T he halved joint is frequently known as half-lapping, and sometimes as checking and half-checking. In the majority of cases it is made by halving the two pieces, i.e., by cutting half the depth of the wood away. There are, however, exception... Read more of The Halved Joint at Wood Workings.caInformational Site Network Informational






Source: Papers On Health

We have had so much success in helping the deaf that we feel
warranted in seeking to spread the knowledge of our methods as widely
as possible.

Deafness is caused in many ways--very often by exposure of the head to
a chill, especially in infancy. We have seen it even arise from
enclosing the head in a bag of ice with a view to extreme cooling. What
is called "throat deafness" is a different matter, but yields to the
same treatment as the cases of chill. The process of cure is very
similar to that used in cases of failing sight (see under Eyes), for
the aural nerve has to be stimulated as the optic nerve in these cases.
Rub the back of the head and neck, using hot olive oil, and continuing
gently, yet firmly, until all the parts are in a glow of heat. Do this
some time during the day. At night apply the BRAN POULTICE (see),
oiling before and after, to the back of head and neck, the patient
lying down on it for an hour at bedtime. Gently syringe the ears with
tepid water, but only so far as to cleanse them. Rub with ACETIC ACID
(see) behind the ears, but not so as to cause soreness. In an
obstinate case continue treatment for a month, then rest for a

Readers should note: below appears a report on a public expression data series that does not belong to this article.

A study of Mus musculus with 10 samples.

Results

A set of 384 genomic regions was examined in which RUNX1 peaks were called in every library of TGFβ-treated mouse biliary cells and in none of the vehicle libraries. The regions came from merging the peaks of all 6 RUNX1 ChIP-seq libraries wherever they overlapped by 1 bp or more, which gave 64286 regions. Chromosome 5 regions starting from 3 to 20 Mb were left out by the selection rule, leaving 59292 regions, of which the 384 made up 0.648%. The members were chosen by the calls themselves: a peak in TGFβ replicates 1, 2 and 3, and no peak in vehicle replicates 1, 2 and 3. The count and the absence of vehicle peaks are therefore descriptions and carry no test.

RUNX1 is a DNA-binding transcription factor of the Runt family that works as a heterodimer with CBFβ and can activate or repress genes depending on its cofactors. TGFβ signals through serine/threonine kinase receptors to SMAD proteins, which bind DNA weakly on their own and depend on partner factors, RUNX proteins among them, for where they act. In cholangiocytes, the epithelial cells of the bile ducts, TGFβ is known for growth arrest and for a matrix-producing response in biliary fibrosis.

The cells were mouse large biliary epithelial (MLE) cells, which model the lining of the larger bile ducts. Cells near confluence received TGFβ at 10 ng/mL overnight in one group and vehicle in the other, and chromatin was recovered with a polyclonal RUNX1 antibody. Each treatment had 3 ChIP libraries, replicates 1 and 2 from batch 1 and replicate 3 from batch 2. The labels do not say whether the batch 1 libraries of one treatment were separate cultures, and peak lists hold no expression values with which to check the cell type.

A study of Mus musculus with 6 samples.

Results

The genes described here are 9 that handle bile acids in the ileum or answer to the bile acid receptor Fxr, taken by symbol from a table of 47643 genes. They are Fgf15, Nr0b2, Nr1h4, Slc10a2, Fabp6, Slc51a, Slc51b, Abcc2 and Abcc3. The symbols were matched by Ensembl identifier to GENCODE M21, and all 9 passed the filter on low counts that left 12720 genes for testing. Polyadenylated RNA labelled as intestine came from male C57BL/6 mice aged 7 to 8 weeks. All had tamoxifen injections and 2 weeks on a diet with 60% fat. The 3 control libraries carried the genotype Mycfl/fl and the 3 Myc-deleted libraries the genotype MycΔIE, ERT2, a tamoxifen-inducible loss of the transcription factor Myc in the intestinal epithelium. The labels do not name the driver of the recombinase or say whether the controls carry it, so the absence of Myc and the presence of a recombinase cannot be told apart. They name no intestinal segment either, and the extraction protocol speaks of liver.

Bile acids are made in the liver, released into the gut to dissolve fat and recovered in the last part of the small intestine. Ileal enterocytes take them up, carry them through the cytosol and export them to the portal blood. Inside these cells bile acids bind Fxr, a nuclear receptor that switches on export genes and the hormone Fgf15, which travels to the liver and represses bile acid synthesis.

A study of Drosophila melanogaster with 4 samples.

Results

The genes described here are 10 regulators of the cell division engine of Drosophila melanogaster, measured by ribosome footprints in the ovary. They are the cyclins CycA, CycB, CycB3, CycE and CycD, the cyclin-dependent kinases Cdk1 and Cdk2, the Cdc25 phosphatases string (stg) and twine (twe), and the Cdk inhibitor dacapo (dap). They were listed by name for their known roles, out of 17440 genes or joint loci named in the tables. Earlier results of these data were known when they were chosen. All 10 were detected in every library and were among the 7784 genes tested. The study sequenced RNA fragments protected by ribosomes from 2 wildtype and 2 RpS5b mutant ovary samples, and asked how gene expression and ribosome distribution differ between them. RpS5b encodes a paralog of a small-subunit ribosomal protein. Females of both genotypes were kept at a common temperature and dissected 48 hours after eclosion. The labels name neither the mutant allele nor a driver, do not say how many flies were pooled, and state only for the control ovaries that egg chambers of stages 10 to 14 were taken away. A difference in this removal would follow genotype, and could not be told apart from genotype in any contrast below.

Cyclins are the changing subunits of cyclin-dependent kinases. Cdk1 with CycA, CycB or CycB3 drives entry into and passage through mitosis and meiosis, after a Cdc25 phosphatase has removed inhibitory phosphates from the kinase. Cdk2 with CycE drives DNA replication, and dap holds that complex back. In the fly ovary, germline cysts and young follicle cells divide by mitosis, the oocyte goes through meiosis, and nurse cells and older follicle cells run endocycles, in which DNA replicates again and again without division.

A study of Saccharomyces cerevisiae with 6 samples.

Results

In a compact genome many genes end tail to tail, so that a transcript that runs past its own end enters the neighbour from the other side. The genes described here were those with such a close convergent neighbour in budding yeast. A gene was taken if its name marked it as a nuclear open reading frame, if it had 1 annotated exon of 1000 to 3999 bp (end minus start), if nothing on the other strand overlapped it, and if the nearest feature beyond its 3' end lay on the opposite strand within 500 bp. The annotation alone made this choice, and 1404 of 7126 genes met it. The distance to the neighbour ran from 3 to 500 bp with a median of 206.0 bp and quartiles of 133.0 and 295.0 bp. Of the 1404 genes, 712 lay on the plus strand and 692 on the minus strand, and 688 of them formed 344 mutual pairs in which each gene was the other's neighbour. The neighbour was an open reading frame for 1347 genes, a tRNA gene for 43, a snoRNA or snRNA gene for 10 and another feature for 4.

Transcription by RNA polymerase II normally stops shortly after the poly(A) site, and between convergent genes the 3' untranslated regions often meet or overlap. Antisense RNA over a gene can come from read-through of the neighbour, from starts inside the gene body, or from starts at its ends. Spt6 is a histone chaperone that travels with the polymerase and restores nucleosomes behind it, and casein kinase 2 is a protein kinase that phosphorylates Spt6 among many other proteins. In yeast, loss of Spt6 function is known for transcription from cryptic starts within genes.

fortnight, and continue for another month.

Cases of deafness arising from dryness and hardness in the ears are to
be treated differently. The ear is brushed internally with soap lather
(see Lather and Soap). Dip a brush, such as is used for water-colour
drawing, into hot water, rub it on the soap, and gently brush the
inside of the ear. Renew the lather frequently, keeping up the heat.
With another brush moisten the same parts with fine almond oil. Gently,
but thoroughly, dry out the ear with a fine roll of lint or soft
cotton. In a fortnight we have seen great benefit from this done daily
or twice a day. Be careful not to use pressure on the inside of the ear
when washing or drying, as this may cause the wax to harden into balls,
pressing on the drum. The whole head may also be rubbed with acetic
acid, not so as to cause pain, but simply a strong heat in the skin. In
all treatment of so delicate an organ as the ear, avoid giving pain.

If the deafness proceed simply from a relaxed state of the tissues in
the tubes of the ear, the cold douche applied to the head, with careful
drying and rubbing afterwards, will often effect a cure. But it is only
a sudden, brief, cold splash which is wanted, not a stream directed
for any time on the head, which might do serious injury. In this
connection it may be noticed that a child should never be punished by
"boxing its ears." Children have had their hearing permanently
injured by this thoughtless practice.